Of the innumerable chemical substances other than foodstuffs which the world contains, none have a more intimate connection with human life than those whose history and effects are described in this work.
I have called it Phantastica, but this name which I have chosen does not cover all that I should wish it to convey. Nearly all the drugs dealt with have a direct action on the brain, an action which is in all its forms mysterious and incomprehensible.
If human consciousness is the most wonderful thing on earth, the attempt to fathom the depths of the psychophysiological action of narcotic and stimulating drugs makes this wonder seem greater still, for with their help man is enabled to transfer emotions of everyday life, as well as his will and intellect, to unknown regions; he is enabled to attain degrees of emotional intensity and duration which are otherwise unknown to the brain. Such effects are brought about by chemical substances. The most powerful of these are products of the vegetable kingdom, into whose silent growth and creative abundance man has not yet fully penetrated. By the exercise of their powers on the brain, they release marvelous stores of latent energy. They relieve the mentally tortured, assuage the racking pains of the sick, inspire with hope those doomed to death, endow the overworked with new vitality and vigour such as no strength of will could attain, and replace for an hour the exhaustion and languor of the overworked by mental comfort and content.
Miracles like these are performed throughout the world by these strange substances wherever men are in possession of any one of them. The savage in the jungle beneath a sheltering roof of leaves and the native of the storm-swept island secures through these drugs a greater intensity of life. The solitary dweller in a distant mountain cavern can with their aid relieve the dull monotony of his cramped existence. Various are the motives which induce civilized men to seek a transient sensation of pleasure. The potent influence of these substances leads us on the one hand into the darkest depths of human passion, ending in mental instability, physical misery, and degeneration, and on the other to hours of ecstasy and happiness or a tranquil and meditative state of mind.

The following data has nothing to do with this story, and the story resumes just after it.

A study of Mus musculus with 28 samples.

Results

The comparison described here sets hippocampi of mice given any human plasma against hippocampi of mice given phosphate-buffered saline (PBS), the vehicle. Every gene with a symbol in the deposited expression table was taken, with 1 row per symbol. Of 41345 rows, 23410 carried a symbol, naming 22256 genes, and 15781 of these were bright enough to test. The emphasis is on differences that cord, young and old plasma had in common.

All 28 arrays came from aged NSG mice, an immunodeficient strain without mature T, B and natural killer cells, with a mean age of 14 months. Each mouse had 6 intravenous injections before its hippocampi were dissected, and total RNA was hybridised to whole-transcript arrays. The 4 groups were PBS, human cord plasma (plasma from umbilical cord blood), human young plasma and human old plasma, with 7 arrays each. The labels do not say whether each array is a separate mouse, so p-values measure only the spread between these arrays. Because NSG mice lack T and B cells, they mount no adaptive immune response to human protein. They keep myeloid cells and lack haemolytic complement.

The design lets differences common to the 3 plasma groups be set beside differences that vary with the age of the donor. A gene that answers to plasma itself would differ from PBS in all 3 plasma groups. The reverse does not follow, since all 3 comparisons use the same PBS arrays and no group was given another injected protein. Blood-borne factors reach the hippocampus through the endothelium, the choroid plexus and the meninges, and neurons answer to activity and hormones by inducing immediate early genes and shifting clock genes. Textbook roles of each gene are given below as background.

Not only are these drugs of general interest to mankind as a whole, but they possess a high degree of scientific interest for the medical man, especially the psychologist and alienist, as well as for the jurist and ethnologist.
Varying degrees of mental susceptibility and vision, bordering upon mental disease, may result from an intemperate use of some of these substances. Hence arises for psycho-analytical science the possibility of analyzing more accurately certain mental phenomena which also occur in cases of insanity. A large field of activity and research is offered to psychology which hitherto was open only to a few scientific pioneers. The jurist needs an acquaintance with scientific facts bearing on the extent of the responsibility and soundness of judgment of those who, under the permanent influence of narcotic drugs come into collision with the civil or criminal law. To the ethnologist numerous problems, promising much new enlightenment, not to the least those relating to the study of comparative theology present themselves with regard to the extension and cause of the use of these drugs. The contents of this book will provide a starting-point from which original research in the above-mentioned departments of science may be pursued. I have avoided literary by-paths in order to follow more closely the direct line of pharmacological inquiry, but have nevertheless furnished the reader with a sufficiency of material and historical facts.
"There is hardly a more difficult chapter in the whole of pharmacology than an exhaustive and thoroughly exact analysis of the effects of drugs." These words, the view of a pharmacologist, are perfectly true. Since I published, in 1886, the first pharmacological and chemical report on one of these drugs, kava, which was made use of on a large scale, I have incessantly worked at these problems, and much of my work has been made public in subsequent volumes. The present book, the first of its kind, is meant not only to set forth the results of my pharmacological theories, which are supported by my own practical experience as well as by materials supplied by those who have come to me in search of help, but also to instruct and enlighten those who are endeavouring to see clearly amid the surging conflict of public opinion regarding drugs and the drug habit.
The first edition of this book having passed into many hands and received great praise, a second now appears, written with the same end in view but containing a greater volume of material.
The reader's attention is directed once more to the great problem set forth in these pages, a problem which cannot and will not be solved on the first attempt. Time is needed to produce that cure which is so desirable and necessary, for the enormous obstacles that bar the path of progress have deep roots in human passions; but every step directed to freeing men from such evils will prove a benefit to our race.